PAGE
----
The EU supports Road Sector in Mozambique (22/11/2010)

Today, the European Commission has approved a financing decision of € 22.5 million (approximately Meticais 922 500 000) in favour of Mozambique, to support actions related to the Road Sector for the period  2010-2013.

"Road Infrastructure in Mozambique has a special role both in alleviating poverty, by facilitating the access of the poor rural population to public services, markets and job opportunities, and in promoting economic development by supporting trade and regional integration with the neighboring SADC and COMESA countries", said Glauco Calzuola, Head of the Delegation to Mozambique.

The Road Sector Budget Support 2010-2013 aims at supporting, in line with the Integrated Road Sector Programme (PRISE), the establishment of an appropriate, well managed, cost-effective and sustainable road network in Mozambique. The programme will contribute to the expected results of PRISE for the road sector: completion of the priority work in primary network, increase road access and having sustainable maintenance and asset preservation mechanisms in place by 2013.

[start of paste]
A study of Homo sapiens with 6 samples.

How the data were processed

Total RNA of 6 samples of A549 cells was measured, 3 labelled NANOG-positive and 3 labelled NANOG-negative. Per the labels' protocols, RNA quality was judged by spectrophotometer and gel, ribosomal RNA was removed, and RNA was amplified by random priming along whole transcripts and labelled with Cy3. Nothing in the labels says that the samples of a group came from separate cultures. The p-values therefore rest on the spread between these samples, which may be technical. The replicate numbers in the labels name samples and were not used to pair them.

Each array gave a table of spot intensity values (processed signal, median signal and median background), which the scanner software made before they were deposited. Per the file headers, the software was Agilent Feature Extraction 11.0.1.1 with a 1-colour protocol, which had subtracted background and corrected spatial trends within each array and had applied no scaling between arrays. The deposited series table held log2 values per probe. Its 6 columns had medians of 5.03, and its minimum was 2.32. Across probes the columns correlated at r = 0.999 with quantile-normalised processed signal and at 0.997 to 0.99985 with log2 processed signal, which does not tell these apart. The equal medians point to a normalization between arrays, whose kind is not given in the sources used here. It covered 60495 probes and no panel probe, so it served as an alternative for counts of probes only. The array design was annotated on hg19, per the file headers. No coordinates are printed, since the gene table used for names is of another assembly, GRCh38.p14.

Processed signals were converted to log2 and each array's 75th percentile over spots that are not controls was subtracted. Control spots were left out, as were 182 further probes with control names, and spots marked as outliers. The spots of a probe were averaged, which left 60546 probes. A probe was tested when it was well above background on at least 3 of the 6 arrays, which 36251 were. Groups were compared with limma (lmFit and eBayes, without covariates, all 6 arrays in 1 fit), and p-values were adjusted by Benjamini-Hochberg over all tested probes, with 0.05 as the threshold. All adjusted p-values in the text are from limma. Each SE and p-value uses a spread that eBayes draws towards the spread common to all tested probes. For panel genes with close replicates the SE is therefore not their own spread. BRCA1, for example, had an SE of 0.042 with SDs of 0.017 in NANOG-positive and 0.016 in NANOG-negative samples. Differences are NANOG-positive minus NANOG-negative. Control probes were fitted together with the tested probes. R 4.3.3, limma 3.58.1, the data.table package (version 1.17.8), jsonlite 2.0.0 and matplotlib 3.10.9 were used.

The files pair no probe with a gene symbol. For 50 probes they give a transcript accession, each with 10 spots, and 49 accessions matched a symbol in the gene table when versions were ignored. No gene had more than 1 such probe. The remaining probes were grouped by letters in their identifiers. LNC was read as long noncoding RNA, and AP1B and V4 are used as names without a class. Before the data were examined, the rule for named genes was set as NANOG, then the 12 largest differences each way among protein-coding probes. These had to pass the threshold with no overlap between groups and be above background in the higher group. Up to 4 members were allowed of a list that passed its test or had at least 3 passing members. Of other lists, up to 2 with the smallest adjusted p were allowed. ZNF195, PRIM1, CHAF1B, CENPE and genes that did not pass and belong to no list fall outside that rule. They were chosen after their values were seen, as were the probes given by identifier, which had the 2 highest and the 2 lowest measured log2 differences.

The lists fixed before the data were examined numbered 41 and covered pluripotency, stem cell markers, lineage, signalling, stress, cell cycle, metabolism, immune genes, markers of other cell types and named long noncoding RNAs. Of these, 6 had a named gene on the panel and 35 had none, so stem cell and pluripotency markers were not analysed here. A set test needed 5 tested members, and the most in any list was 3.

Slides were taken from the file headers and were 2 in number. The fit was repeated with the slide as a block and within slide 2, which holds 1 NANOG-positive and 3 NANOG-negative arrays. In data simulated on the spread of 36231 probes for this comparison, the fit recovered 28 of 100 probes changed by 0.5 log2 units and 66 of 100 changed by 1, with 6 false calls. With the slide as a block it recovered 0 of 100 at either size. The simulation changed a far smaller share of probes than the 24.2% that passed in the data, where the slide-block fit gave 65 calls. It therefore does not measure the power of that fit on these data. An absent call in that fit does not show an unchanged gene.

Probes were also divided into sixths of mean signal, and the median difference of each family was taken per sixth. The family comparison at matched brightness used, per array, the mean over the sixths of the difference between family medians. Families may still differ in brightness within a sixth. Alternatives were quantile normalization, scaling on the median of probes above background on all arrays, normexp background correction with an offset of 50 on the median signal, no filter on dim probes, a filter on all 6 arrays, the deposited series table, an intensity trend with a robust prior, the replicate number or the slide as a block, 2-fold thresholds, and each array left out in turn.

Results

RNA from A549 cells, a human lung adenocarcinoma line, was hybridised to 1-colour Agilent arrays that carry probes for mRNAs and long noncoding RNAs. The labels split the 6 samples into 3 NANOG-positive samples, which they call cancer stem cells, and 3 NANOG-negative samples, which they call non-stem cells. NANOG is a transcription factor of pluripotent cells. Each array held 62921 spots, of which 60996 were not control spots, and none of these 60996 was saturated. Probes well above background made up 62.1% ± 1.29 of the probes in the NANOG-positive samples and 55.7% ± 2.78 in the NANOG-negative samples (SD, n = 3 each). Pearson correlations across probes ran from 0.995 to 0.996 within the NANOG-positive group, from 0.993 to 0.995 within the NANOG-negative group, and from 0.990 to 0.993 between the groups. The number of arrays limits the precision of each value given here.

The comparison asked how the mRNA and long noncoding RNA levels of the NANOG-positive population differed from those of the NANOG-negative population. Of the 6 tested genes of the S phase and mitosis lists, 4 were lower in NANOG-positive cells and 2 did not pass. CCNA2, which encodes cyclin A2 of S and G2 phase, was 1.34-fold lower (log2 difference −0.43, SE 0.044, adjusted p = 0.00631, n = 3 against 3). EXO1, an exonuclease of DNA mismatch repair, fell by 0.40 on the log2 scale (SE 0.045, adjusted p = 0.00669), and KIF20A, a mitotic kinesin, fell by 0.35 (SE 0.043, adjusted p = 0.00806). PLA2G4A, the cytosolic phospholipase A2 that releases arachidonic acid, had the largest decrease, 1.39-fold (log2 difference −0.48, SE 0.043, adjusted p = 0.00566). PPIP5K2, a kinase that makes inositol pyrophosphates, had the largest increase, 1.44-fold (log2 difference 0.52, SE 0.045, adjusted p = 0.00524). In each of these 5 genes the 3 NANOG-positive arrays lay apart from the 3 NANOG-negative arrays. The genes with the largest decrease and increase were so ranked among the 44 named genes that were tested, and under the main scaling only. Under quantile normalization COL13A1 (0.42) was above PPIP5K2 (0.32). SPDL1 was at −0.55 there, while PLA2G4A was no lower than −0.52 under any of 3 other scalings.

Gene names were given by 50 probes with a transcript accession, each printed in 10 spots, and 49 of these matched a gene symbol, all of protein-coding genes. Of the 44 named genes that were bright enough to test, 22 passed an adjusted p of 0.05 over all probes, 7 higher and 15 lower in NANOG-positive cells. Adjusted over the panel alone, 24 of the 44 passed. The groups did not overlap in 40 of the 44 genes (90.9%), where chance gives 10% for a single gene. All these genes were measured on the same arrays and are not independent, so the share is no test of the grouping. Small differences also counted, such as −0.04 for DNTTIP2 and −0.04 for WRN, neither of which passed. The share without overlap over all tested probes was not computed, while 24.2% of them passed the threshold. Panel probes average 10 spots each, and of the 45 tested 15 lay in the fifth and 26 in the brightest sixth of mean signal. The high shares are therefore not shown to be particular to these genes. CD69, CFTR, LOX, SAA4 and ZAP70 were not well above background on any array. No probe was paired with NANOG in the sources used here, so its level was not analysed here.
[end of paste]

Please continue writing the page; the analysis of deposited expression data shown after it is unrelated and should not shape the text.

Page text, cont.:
In addition, a Capacity Building and Technical Assistance are foreseen. The latter is designed to support the Road Sector Agencies (ANE and Road Fund) in the multiple challenges that the completion of the Road network of Mozambique currently requires. This will be mainly achieved by organizing local training of Road Sector officials in support of decentralisation and strengthening the management capacity of local SME (s) road sector.  

Mozambique has one of the least developed Transport Infrastructure in the Southern African region. The Road Sector is considered the country backbone in term of physical unification, of socio-economic development, in term of regional attractiveness for the country’s sea-ports and more recently for the tourism development.

Over the last decade, Mozambique has emerged as a stable country and a sound growing economy. However more than 50% of the population still lives in extreme poverty and access to job, health and education services remains limited especially in rural areas. The EU (European Commission and Member States) is one of the major players among donors, accounting for approximately 70% of development assistance to the country. Under the 10th European Development Fund, the European Commission has programmed EUR 622 million of aid for the period 2008-2013, to which EUR 12.11 million and EUR 11.67 million were added in response to the soaring prices and the resulting macroeconomic and social effects and to provide financing for short-term fluctuations in export earnings respectively.